CHS baseball loses a heartbreaker |

CHS baseball loses a heartbreaker

Darrell Moody
Starting pitcher John Holton delivers a pitch to a Galena batter in a playoff game on Tuesday at Galena High School.
Jim Grant / | Nevada Appeal

CHS leaves 10 runners in last six innings, cannot hold 7-1 lead in defeat

RENO — Carson High has lost some tough postseason games in the past three years, but none tougher than Tuesday’s 9-8 eight-inning setback at the hands of the Galena Grizzlies.

The loss sends Carson on the road today in an elimination game at Damonte Ranch. The regular-season co-champs dropped a 5-1 decision to No. 8 McQueen, First pitch is 4 p.m. with lefty Bryce Moyle expected to get the call on the mound.

What made this one tough to swallow was Carson, on the strength of six second-inning runs, led 7-1 entering the bottom of the second. In the last six innings, Carson stranded 10 of its 13 runners and managed just one third-inning run against three Galena relievers.

“All losses are tough,” Carson coach Bryan Manoukian. “No one is more tougher to take than another.

“We stopped executing offensively after the second inning. We allowed them to claw their way back into it. Galena is a good team. They can hit the ball.”

The Grizzles outhit the Senators 20-17, 10 of those coming in the last four innings.

“It was a good high school baseball game,” said Galena coach Dave Kulikowski. “I know there were 37 hits, but I didn’t feel the pitching was that bad. We haven’t lost at home yet this year. We kept the faith and that carried us through.”

The inability to hit in the clutch over the final six innings, some bad luck and a couple of fielding mistakes spelled doom for the Senators. Carson left the bases loaded in the fourth, left runners at second and third in the fifth and runners at first and second in the sixth.

“That’s the reason we lost the game right there,” Manoukian said. “We didn’t hit well with runners in scoring position. We need to do a better job.”

The game started to turn in the fifth inning with the Senators holding an 8-4 lead.

After Tommy Lichty struck out, Jared Kiessling homered over the fence in left against CHS starter John Holton. Nathan Barry followed with a groundball to short. Josiah Pongasi bobbled the ball and then fell, allowing Barry to reach first. Tyler Assiff and Travis Bohall singled to load the bases with one out. Sammi Baig popped to second for the second out.

Mateo Lemus followed with a shot in the left-centerfield gap. Seamus Burns dove for the ball, and for the briefest of moments made a circus catch. However when he hit the ground the ball popped out. Burns didn’t realize the ball was on the ground, and was celebrating what he thought was an inning-ending catch. By the time centerfielder Cody Azevedo picked up the ball, three runs had scored and the game was tied at 8.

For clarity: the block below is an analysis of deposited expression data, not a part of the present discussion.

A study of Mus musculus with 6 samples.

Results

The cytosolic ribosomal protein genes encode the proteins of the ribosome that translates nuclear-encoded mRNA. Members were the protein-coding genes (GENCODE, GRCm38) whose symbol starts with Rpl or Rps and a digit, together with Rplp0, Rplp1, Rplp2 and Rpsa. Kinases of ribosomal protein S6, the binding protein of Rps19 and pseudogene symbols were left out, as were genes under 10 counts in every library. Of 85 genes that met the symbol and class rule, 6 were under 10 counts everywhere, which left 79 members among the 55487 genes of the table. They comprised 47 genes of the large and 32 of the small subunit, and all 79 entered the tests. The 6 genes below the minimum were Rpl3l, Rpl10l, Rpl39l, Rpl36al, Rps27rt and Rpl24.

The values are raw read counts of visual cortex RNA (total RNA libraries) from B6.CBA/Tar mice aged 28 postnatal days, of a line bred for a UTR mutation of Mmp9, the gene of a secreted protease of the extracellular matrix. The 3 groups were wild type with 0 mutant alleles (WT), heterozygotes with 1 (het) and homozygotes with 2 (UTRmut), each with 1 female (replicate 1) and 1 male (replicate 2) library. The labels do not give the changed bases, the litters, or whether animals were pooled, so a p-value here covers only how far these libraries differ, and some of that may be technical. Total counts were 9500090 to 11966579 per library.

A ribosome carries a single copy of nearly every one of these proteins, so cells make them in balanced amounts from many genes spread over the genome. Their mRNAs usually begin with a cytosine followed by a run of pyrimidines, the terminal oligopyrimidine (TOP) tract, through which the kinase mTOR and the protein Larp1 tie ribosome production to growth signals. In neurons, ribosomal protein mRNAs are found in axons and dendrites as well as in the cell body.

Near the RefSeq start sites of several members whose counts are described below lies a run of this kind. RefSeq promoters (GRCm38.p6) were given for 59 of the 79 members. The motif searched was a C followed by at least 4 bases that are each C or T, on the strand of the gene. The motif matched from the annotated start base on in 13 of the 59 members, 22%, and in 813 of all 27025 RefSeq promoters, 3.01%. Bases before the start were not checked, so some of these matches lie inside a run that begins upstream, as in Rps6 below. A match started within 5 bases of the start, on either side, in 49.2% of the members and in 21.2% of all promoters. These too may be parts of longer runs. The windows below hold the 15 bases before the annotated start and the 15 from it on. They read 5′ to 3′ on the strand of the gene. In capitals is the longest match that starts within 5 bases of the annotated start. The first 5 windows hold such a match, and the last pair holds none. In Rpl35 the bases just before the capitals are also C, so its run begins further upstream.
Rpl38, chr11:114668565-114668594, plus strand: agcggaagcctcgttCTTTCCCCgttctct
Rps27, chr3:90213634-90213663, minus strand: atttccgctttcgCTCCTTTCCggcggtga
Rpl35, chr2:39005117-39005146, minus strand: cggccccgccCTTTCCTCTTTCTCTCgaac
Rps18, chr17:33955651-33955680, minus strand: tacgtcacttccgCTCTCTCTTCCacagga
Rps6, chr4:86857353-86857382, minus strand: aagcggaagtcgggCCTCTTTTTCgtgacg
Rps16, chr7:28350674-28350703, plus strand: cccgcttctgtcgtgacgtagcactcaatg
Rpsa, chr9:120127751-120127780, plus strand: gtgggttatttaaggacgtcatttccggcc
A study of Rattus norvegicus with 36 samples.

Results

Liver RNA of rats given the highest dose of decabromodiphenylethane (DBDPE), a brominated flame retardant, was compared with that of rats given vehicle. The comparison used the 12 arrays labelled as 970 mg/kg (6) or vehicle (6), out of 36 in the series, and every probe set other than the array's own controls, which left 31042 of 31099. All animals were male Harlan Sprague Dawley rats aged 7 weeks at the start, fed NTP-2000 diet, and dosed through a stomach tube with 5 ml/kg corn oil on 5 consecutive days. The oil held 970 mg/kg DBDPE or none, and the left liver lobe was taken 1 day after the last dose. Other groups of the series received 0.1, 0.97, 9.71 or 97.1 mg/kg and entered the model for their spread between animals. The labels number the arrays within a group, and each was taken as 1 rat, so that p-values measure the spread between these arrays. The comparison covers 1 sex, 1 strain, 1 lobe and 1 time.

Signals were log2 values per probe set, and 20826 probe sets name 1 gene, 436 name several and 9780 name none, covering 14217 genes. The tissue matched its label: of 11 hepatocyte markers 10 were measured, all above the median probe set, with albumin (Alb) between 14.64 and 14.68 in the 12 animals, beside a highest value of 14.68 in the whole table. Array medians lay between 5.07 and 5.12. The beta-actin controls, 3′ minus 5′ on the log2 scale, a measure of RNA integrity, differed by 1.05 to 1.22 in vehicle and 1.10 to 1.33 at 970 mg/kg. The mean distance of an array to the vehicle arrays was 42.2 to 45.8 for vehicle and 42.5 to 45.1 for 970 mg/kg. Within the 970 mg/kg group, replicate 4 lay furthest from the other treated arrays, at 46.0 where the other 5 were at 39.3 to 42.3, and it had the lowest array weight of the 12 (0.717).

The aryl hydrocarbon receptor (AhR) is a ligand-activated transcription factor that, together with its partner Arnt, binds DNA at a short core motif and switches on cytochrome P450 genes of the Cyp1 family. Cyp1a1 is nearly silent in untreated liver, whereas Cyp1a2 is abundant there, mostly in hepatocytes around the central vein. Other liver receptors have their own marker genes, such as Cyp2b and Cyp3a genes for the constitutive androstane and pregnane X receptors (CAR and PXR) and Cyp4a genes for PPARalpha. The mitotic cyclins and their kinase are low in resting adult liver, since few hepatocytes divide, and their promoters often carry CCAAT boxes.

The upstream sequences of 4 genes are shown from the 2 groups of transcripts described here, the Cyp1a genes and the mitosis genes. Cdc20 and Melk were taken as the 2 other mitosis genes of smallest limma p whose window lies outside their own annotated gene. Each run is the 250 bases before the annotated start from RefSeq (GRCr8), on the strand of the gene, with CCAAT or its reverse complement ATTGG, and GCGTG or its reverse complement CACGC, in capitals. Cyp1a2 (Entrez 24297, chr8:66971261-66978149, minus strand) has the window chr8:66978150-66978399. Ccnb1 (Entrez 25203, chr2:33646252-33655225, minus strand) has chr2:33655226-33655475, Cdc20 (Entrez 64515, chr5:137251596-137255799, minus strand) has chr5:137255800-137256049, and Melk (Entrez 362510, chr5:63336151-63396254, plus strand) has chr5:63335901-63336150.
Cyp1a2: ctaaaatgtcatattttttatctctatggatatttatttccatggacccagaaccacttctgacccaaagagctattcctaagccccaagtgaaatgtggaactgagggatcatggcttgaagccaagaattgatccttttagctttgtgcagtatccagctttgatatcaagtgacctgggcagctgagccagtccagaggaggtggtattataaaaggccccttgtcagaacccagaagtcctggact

“It looked like he caught te ball near the heel of his glove and when he hit the ground it came out,” Manoukian said.

Terek Been came on to get the final out of the inning,

Carson threatened after two outs in the sixth when it put runners on first and second. Conner Pradere hit a bouncer up the middle and was thrown out at first on a bang-bang play.

Burns redeemed himself with two nice plays in the seventh.

With runners at first and second, Jared Kittilsen singled to left, Baig was headed home, but put on the brakes when Burns made a strong throw home.

Baig got back to third, but Lemus was thrown out between second and third. Wyatt Nebe followed with a ball deep in the gap in left-centerfield which Burns tracked down to end the inning.

Galena wouldn’t be denied in the eighth.

With one out, Kiessling beat out a high chopper to third, Brandon Allen fielded the ball, but elected not to make the off-balance throw. After Barry walked, Azevedo relieved Been. Assiff followed with a groundball to the right of Pradere at second base. Pradere elected to stay back on the ball, and his throw to second was too late, which loaded the bases. Bohall sent the home fans home happy with a deep fly ball that scored pinch-runner Evan Crosse with the winning run,

“We have to make routine plays,” Manoukian said, referring to the ball to Pongasi and the one to Pradere. “Those are plays you have to make if you expect to win playoff games. Trying to get the force or double play was the right move because the ball took him that direction.”

The offense clicked on all cylinders early, as Dawson Campos yielded seven runs on seven hits in 1.1 innings. Allen, Moyle, Kyle Krebs and Jace Keema had run-scoring hits in the six-run second and Pradere had a two-run single.

As quick as a magician waves a magic wand, the clutch hitting disappeared.